Mussels (and a tapas lunch)!

Steamed Mussels

Now that Bob and I are on summer break, we can do things like get together with friends and spend hours experimenting in the kitchen, then sit on their patio eating a fabulous tapas-style lunch.

Yeah.  Good times.

For my primal-eating friends, I decided to prepare steamed mussels.  It’s actually a rather easy dish to make, with plenty of variations to change it up once in awhile.  There’s a bit of prep work involved beforehand, but the cooking time is just a few minutes.

Steamed Mussels

Preparation:  I recommend buying mussels the same day you intend to prepare them.  In addition, look for mussels with shells that are tightly closed.

Thoroughly rinse the mussels by using a scrub brush to remove any sand or grit on the shell.  If you have wild mussels (versus farmed), you may want to soak the mussels for about 20 minutes to remove sand and grit from the inside).  If you notice any mussels whose shells are slightly open, lightly tap the shell to see if the mussel is still alive.  If it is, the mussel will slowly close it’s shell.  If not, nothing will happen and the shell will remain ajar.  Discard any mussels that are not alive.

In addition, you may need to debeard the mussels (remove the tangled threads).  This can be done by either tugging the beard until it snaps off, or using scissors to cut it off.

Below is one variation for steaming mussels.  Some people will steam mussels au natural, and therefore only use the juices the mussels release.  Some will use a very simple broth, and others will concoct a complex sauce that can be soaked up with some french bread once the mussels are served.

  • 2 lb mussels (makes appetizers for 4, or entree for 2), prepared as described above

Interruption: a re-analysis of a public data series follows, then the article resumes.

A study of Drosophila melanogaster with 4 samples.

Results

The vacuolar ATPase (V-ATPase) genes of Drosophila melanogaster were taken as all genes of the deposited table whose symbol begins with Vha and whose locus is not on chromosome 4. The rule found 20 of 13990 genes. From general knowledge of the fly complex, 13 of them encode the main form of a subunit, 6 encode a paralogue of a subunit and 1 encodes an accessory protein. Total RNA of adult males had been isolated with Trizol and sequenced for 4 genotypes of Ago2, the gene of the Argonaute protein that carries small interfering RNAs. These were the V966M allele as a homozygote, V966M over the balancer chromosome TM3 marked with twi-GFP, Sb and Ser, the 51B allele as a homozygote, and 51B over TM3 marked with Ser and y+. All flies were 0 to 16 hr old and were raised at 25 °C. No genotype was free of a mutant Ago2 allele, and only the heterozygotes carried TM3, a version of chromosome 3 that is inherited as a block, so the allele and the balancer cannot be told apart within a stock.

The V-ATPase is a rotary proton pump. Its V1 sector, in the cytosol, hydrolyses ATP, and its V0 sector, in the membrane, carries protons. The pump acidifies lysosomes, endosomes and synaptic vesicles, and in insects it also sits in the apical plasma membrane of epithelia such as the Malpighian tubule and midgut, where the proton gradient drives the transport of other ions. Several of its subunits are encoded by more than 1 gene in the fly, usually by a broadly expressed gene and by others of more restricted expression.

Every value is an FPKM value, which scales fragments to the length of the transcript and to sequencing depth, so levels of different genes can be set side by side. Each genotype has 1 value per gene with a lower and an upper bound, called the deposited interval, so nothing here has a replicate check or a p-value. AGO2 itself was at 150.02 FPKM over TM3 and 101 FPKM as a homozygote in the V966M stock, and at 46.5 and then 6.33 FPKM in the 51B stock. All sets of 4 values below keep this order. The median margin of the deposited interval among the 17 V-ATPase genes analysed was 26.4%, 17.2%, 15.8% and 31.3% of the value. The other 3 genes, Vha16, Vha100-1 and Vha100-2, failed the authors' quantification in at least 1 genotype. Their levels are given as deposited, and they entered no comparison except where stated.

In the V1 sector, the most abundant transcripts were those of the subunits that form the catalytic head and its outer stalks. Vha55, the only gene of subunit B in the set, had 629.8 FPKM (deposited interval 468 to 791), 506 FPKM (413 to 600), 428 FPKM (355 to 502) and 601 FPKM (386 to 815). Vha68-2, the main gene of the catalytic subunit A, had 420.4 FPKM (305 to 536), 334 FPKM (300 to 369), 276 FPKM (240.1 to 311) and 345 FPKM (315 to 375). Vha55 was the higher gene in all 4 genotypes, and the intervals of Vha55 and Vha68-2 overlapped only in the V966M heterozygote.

• 1 1/2 c. diced tomatoes
  • 1/2 c. broth, wine, or water
  • 1 T minced garlic
  • pepper to taste (there is usually no need to add salt, as mussels are a bit salty as-is)
  • fresh basil, for garnish

Steamed Mussels

Bring everything except the mussels to a boil in a pot on the stove.  Once boiling, add the mussels, place the lid on the pot, and steam for about 5 minutes.  You may want to gently shake the pot about half-way through, to make sure the mussels are steaming evenly.

After 5 minutes, check the mussels to see if most of them have opened.  If not, a bit more time is needed.  Once all the mussels have opened, remove from heat.  Discard any mussels that did not open.

Transfer the mussels into a serving bowl, and pour the liquid at the bottom of your pan over top.  Garnish with basil.  Serve immediately.

Our Tapas Lunch

Tapas Lunch

Our tapas lunch had a few other incredible dishes.  I made a roasted beet appetizer idea I found on Pinterest.  I really liked it, and would make it again.

Marla made baked, cabbage-stuffed avocados with a pesto topping.  The warmed avocado was perfect with the crunchy cabbage, but it was the pesto topping that stole the show.  Delicious.

Marla also made a broiled romaine BLT salad.  I’ve never had broiled romaine before, and I wasn’t sure how exactly the dish would turn out.  I thought it might get mushy.  Instead the broiled flavor added a new and interesting dimension to the salad.  I really enjoyed it!

I had a blast with our tapas-style lunch–can’t wait to do it again!